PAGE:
Saturday's clash with Duhallow in Páirc Uí Rinn (5.15pm) represents a second straight county senior football championship quarter-final for Clonakilty
BY DENIS HURLEY
SATURDAY’S clash with Duhallow in Páirc Uí Rinn (5.15pm) represents a second straight county senior football championship quarter-final for Clonakilty.
However, nobody in the Brewery Town is settling for just reaching the last eight and hopes are robust that a nine-year gap back to the last semi-final appearance can be breached.
Wins over fellow West Cork sides Newcestown in April and O’Donovan Rossa last month have brought Clon to this stage, with their north-western divisional opponents having been finalists last year, losing out to St Finbarr’s.
Having won the title in 2009, Clon made it back to the last four a year later, losing to Nemo Rangers, who would take the crown. They struggled to match those achievements in the years that followed though, even needing to beat Aghada in a 2015 relegation play-off to preserve senior status.
However, things have improved since then as a crop of talented youngsters with Carbery U21 medals have come on stream. Among them is 24-year-old Martin Scally and he is keen to help Clon to push on.
‘Every team goes through phases and there are changes over the years,’ he says.
‘We have a young team, the lads who won the West Cork U21s are backboning the senior side now. Some lads are still only 21 but they’ve been senior since they were 18 and I think we’re coming of age.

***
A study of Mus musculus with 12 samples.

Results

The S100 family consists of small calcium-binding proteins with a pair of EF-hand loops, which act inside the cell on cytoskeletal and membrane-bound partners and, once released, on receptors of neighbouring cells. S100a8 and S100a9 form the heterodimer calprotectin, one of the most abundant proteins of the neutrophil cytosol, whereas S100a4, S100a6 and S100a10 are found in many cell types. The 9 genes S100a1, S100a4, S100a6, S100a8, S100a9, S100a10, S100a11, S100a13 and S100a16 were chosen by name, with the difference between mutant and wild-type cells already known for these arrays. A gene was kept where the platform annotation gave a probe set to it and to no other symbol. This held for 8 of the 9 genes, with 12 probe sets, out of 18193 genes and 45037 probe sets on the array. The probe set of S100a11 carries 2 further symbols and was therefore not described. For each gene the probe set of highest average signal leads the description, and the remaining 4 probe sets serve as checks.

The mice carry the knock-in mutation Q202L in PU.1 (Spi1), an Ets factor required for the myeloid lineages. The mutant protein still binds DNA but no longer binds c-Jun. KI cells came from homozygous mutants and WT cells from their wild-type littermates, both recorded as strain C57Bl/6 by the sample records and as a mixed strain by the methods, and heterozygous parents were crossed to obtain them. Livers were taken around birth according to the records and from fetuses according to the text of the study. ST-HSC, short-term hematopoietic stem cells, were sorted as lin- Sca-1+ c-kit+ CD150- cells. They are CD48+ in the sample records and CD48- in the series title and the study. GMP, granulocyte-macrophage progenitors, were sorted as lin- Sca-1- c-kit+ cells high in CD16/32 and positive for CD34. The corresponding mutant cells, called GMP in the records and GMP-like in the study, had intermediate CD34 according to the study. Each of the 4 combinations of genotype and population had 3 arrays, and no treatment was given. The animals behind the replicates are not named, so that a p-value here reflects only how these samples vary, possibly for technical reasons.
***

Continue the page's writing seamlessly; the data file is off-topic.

‘Fellas are maturing and taking more responsibility. When you come on first, you see the older lads carrying the team, still making the hard runs and tackles in the 60th minute. It’s one thing to call yourself a senior player but you have to be able to back it up.’
Scally, whose family own the popular SuperValu in Clon, has recently completed a Master’s degree in business and economics and is working at Deep South, a bar on Grand Parade in Cork.
He cites reaching the 2017 Kelleher Shield final, which Clon lost to Ballincollig after extra time, as signalling the turning point in their fortunes.
‘When we were down in the dumps, nothing seemed to be going right,’ he says, ‘but things began to change slowly but surely.
‘We did alright in the Kelleher Shield in 2017 and got to the final of that, that was the first stage, then we got to the quarter-finals last year. It was kind of a monkey on our backs that the only teams we had beaten in the last few years were St Nick’s and Aghada but last year we beat Bishopstown and Newcestown and began to show again that we were good enough and could play good football.
‘Now it’s consistency we’re looking for.’
Their run came to an end with a ten-point loss to Carbery Rangers in the last eight, but Scally feels it was educational.
‘Ross have been on the road a long time, they have plenty of experience,’ he says.
‘A game like that does stand to you, it was our first quarter-final in a while and it was a new experience for a lot us. Maybe the occasion got to us a bit but we definitely won’t be making that mistake again.’
Guiding Clon’s fortunes is Bandon native Colm Aherne, whom Scally credits with injecting a bit of steel.
‘Colm brought a bit of backbone,’ he says.
‘There’s often talk that Clon play nice football but can be a bit soft, but any softness is gone now and we’re not taking anything lying down.
‘He has a winning mentality, he won two counties with Bandon and now they’re just below senior. There’s an air of professionalism and the club have been great too, anything we’ve wanted we’ve been given.’
What they want now is a semi-final spot, though that’s something that must be earned rather than given.
‘Getting to a quarter-final is well and good, but you shouldn’t be happy just to be there,’ Scally says.
‘You always want to be the best and we’re definitely not there just to make up the numbers.
‘Duhallow got to the final last year and they’ve been knocking on the door for a few years. To everyone outside the team, we’ll be underdogs but if you’re going in not believing you can win, why are you there in the first place?’